Craig Hamann's friend and former co-worker at Video Archives, Roger Avary, acted as a "producer-in-name-only" on the film. He had no creative input or involvement; his name was only attached to help his friend get meetings with potential financiers. Later, the distributors used his name to advertise the film as coming from "the Academy Award winning writer of Pulp Fiction (1994)", thus tricking consumers into thinking the movie was 1) from Quentin Tarantino and 2) actually written by the writer of Pulp Fiction. Both Craig Hamann and Roger Avary were displeased about this. See more »
Intense drama with a strong screenplay, strong cast
Since Pulp Fiction, you haven't been able to throw a rock without hitting a video box emblazoned with such hyperbole as "more stunning than Pulp Fiction", "in the spirit of Pulp Fiction" and so on (and on). So it is tempting to ignore BOOGIE BOY, what with its box featuring a very familiar image of a tough guy wielding a pistol, plus the blurb "from the Producer of Pulp Fiction". But to pass up this film would be a big mistake. While it is true that BOOGIE BOY does ALMOST fit into the subgenre of Tarantino-esqe action films that have sprung up in recent years, it has an originality and a soul to its story that the Pulp-wannabes on the shelf have no idea how to achieve. Screenwriter/director Craig Hamann presents a world so dirty, so mean, so grounded in reality, that the viewer slowly slips into the story, not immediately realizing that he is being told a tale of almost operatic drama. Elements of good and evil, betrayal and hope, all unfold neatly, aided by the characters, both mundane and off-the-wall, who turn the protagonist's attempt at redemption into an almost Oz-like journey. Viewers wanting a mindless action film should look elsewhere, as there are no car chases or tacked-on gun battles here. The violence in the film is strictly rooted to the story being told, and when it surfaces it is sudden, swift, and brutal, with none of the sanitization or sensationalization that big-budget films so inappropriately prefer. Also present is a strong anti-drug message, delivered without any traditional Hollywood preachy moralizing. Instead, the almost tangible misery involved in the daily lives of several of the characters speaks much more eloquently on the subject. No one will ever mistake any of the drug use scenes in this film of being glamorous.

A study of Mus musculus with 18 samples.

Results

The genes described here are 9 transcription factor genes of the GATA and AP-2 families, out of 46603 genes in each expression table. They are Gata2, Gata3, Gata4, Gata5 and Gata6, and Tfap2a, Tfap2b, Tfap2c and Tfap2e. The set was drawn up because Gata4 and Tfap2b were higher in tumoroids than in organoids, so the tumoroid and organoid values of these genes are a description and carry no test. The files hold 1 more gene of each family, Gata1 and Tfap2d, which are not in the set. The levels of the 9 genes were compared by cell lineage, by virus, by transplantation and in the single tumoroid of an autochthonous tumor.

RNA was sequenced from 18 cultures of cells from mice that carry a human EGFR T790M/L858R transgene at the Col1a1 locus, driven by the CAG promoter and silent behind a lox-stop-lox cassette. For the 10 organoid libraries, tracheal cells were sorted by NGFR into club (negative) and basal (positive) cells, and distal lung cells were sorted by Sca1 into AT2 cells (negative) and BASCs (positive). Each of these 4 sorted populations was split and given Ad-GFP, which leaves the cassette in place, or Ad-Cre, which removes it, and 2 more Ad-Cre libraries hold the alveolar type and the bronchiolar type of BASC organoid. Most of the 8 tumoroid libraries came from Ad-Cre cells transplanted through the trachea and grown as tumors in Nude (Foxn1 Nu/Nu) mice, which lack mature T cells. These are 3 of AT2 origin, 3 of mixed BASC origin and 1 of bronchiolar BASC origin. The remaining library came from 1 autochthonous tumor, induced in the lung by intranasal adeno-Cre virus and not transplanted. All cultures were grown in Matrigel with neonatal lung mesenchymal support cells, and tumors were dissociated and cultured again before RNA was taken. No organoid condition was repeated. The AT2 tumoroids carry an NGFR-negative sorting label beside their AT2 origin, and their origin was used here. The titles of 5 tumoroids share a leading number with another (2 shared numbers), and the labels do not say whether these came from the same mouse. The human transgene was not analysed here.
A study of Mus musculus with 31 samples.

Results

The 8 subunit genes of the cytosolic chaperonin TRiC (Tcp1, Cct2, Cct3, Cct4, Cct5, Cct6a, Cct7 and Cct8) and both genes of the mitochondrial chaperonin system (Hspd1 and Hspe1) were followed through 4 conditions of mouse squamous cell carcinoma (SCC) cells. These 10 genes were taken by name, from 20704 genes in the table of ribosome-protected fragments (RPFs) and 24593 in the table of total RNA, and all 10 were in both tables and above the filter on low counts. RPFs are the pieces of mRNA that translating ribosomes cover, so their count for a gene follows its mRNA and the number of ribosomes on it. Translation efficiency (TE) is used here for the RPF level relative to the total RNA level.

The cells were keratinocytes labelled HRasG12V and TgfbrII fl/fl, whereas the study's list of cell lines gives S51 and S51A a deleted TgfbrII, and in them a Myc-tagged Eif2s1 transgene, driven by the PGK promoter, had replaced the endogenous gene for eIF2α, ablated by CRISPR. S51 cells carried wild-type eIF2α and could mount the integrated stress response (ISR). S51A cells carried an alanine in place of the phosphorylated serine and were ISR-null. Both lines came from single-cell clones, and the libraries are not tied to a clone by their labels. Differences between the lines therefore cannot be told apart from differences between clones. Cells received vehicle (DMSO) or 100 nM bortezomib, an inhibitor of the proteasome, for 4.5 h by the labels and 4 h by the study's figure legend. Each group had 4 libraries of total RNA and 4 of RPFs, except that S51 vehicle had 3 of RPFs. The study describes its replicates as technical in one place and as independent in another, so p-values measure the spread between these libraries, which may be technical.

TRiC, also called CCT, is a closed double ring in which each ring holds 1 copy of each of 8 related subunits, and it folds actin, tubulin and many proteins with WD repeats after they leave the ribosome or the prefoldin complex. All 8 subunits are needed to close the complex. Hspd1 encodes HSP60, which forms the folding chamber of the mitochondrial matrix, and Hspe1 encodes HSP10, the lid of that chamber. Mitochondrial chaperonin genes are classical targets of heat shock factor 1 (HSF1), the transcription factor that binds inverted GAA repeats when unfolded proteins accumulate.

Craig Hamann, working with a small budget and a cast of mainly less well-known actors (Fredric Forrest being the main exception), has put together a film in which drama and action blend smoothly. It's a production ambitious but without pretention, which sets out to tell its story simply but with style, and succeeds admirably. BOOGIE BOY is a thriller that doesn't let go, and a must-see for viewers who don't mind a little thinking included in an evening's entertainment. One can only hope to see more from the talented Mr. Hamann, as he shows all the signs of being a filmmaker who doesn't feel it necessary to pander to his audience. The Hollywood film community could use more like him.